Nicole A. Mann becomes first Native American woman in space
Mann, a member of the Wailacki of Round Valley Indian Tribes in California, made history when she launched off on NASA’s SpaceX Crew-5 mission last week.
NASA astronaut Nicole Aunapu Mann made history last week, becoming not only the first Native American woman in space, but also the first woman to command a Crew Dragon capsule. SpaceX’s Dragon Endurance spacecraft dropped off Mann and the crew of NASA’s SpaceX Crew-5 mission. Mann is the mission commander, with NASA’s Josh Cassada serving as the pilot. Japan Aerospace Exploration Agency (JAXA) astronaut Koichi Wakata and Roscosmos cosmonaut Anna Kikina will serve as mission specialists for their expedition.
Mann is enrolled in Wailacki of the Round Valley Indian Tribes in northern California and is a colonel in the US Marine Corps. She served as a test pilot in the F/A-18 Hornet and Super Hornet and was deployed twice aboard aircraft carriers in support of combat operations in both Iraq and Afghanistan.
In June 2013, she was selected as one of eight members of the 21st NASA astronaut class. To prepare for her time in space, Mann completed intensive instruction in International Space Station systems, spacewalks, Russian language training, robotics, physiological training, T-38 flight training, and water and wilderness survival training, according to NASA. Mann’s training was complete in July 2015 and she has since served as the T-38 safety and training officer and as the assistant to the chief astronaut for exploration. She led the astronaut corps in the development of the Orion spacecraft, Space Launch System, and Exploration Ground Systems for missions to the Moon.
In an interview with Indian Country Today in August, Mann said, “it’s very exciting,” referring to being the first Native woman in space. “I think it’s important that we communicate this to our community, so that other Native kids, if they thought maybe that this was not a possibility or to realize that some of those barriers that used to be there are really starting to get broken down.”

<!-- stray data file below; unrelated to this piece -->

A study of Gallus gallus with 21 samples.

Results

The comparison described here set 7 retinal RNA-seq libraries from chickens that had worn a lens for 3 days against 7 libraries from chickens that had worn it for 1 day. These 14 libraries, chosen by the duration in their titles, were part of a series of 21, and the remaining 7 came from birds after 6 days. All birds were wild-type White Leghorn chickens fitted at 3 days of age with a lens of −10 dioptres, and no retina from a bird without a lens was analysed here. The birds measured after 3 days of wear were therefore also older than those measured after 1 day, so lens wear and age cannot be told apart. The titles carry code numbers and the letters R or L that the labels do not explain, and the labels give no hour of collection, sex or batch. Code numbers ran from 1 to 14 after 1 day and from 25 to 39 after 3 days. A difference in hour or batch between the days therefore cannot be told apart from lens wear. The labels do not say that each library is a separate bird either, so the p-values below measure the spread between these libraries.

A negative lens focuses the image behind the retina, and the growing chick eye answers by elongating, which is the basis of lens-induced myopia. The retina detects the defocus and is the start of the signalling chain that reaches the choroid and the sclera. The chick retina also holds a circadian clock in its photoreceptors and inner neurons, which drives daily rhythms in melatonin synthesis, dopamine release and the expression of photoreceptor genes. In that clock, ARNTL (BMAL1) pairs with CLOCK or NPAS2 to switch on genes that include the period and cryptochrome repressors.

Crew-5 will be aboard the ISS conducting more than 200 science experiments aimed to help prepare for human exploration beyond low-Earth orbit, such as cardiovascular health, bioprinting, and fluid behavior in microgravity. “One of the ones that I’m looking most forward to is called the biofabrication facility. And it is literally 3D printing human cells, which to me sounds so futuristic, right?” she enthusiastically told ICT.
The six month mission is the latest stage in commercial and public space exploration.
“Missions like Crew-5 are proof we are living through a golden era of commercial space exploration. It’s a new era powered by the spirit of partnership, fueled by scientific ingenuity, and inspired by the quest for new discoveries,” said NASA Administrator Bill Nelson, in a press release.
John Herrington is the only other Indigenous American to have entered orbit. Herrington (Chickasaw) flew on a 2002 space shuttle mission and logged over 330 hours in space and has flown 30 different spacecraft before retiring from NASA in 2005.
“I feel very proud,” Mann told Reuters before lift-off. “It’s important that we celebrate our diversity and really communicate that specifically to the younger generation.” When referring to the excitement that her trip has generated among some Native American communities, she said, “that’s really, I think, an audience that we don’t get an opportunity to reach out to very often.”